The 450 olim who landed on Israeli soil Wednesday are the swan song of the official Israeli effort to bring Ethiopian Jews to Israel.
Operation Dove's Wings, the most recent project of that effort, started three years ago and has brought 7,000 Falashmura to Israel. It ended Wednesday with two flights.
At the arrivals hall at Ben Gurion International airport, family members and friends who came to Israel with the Jewish Agency welcomed their relatives with enthusiasm.
It was an emotional time for many families: A soldier, who was waiting for his sister was on the brink of tears. "I haven't seen my sister in eight years," he said. "I don't even remember what she looks like."
Final operation for Ethiopian Jews (Photo: Ohad Zwigenberg)
Another man was also waiting for his sister, who he has not seen in 12 years. As they met, they embraced. "We'll all be together for the new year," he said.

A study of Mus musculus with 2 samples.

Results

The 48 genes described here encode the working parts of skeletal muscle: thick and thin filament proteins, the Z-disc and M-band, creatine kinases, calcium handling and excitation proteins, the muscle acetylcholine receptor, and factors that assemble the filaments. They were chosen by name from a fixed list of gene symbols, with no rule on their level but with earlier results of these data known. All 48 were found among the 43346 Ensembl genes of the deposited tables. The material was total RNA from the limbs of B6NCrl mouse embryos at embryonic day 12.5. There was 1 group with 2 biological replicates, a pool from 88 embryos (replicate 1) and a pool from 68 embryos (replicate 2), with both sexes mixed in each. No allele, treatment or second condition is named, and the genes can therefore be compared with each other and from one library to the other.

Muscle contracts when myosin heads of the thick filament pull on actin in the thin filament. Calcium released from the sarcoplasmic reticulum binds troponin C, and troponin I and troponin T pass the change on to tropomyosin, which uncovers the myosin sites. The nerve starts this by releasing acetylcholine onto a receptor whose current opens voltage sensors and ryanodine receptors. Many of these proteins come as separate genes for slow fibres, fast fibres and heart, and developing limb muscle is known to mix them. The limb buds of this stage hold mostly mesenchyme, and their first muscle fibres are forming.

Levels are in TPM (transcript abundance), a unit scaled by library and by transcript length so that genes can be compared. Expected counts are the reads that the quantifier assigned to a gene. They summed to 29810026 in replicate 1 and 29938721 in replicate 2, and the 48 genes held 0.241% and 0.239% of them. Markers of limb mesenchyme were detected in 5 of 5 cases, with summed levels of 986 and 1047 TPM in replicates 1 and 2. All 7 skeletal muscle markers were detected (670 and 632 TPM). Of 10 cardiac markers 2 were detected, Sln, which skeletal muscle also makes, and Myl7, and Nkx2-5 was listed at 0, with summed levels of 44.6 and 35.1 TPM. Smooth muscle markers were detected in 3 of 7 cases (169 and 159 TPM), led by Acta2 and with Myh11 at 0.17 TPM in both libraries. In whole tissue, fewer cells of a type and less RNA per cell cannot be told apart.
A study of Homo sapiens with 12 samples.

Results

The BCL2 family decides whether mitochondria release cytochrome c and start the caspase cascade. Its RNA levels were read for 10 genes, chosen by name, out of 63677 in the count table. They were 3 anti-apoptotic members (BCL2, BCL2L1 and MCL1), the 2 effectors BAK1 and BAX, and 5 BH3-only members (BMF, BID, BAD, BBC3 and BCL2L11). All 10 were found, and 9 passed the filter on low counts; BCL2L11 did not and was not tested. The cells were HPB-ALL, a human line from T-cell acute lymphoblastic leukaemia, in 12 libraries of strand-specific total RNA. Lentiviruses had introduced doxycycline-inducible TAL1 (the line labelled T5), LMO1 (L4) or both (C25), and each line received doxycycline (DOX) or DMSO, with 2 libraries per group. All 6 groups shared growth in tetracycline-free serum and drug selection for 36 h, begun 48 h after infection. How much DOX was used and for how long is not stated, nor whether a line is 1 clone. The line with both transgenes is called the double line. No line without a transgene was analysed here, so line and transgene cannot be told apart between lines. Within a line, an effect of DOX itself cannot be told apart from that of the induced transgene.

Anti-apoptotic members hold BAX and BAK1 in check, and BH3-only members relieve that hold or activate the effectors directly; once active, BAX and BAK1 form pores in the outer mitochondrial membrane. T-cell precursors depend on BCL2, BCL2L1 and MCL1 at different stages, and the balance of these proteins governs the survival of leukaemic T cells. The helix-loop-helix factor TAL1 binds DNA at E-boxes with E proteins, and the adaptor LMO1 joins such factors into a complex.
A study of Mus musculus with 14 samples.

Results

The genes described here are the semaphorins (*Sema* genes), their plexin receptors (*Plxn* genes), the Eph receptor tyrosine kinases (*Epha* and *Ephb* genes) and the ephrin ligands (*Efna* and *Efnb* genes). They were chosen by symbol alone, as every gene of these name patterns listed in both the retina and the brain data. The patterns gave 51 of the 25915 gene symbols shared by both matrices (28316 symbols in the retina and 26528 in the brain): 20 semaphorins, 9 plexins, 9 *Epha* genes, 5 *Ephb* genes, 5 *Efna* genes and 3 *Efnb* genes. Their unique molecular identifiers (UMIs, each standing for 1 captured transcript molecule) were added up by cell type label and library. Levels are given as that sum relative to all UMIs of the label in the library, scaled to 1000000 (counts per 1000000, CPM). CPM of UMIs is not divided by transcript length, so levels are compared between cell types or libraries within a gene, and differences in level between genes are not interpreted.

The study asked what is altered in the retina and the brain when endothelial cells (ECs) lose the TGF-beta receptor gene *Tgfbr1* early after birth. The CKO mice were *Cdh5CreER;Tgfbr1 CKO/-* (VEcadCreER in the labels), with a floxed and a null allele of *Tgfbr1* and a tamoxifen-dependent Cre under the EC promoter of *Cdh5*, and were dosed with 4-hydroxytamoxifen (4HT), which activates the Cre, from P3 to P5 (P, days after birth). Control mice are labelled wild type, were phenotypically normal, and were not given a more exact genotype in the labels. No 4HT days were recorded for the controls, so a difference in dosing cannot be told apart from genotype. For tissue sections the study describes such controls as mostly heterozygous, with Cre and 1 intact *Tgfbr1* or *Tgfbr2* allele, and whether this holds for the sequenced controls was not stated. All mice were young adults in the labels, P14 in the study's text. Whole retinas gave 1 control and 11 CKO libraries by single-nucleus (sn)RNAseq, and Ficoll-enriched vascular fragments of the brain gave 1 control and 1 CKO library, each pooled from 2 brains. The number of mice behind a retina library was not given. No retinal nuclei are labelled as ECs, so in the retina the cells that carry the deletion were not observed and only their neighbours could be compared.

Jewish Agency Chairman Natan Sharansky welcomed the olim as they stepped off the plane. "After 2,800 years in the Diaspora, you are home," he said, "welcome." Rabbi Yechiel Eckstein, the president of the International Fellowship of Christians and Jews, also spoke. "I'm moved and proud to be part of Ethiopian Jews' immigration to the land of Israel," he said.
Israel has been working to bring Ethiopian Jews to Israel since the mid-1980s, when 8,000 olim immigrated to Israel as part of Operation Moshe.
In the 1990s, Operation Solomon brought some 14,400 Ethiopian Jews to Israel. Now, with the conclusion of Operation Dove's Wings, official airlifts for Ethiopian Jews are over.
The Jewish Agency's offices in Gondar have been closed, and any request to make aliyah to Israel will be examined on a case-to-case basis, as it is everywhere else in the world. About 6,000 Ethiopian Jews remain in Ethiopia.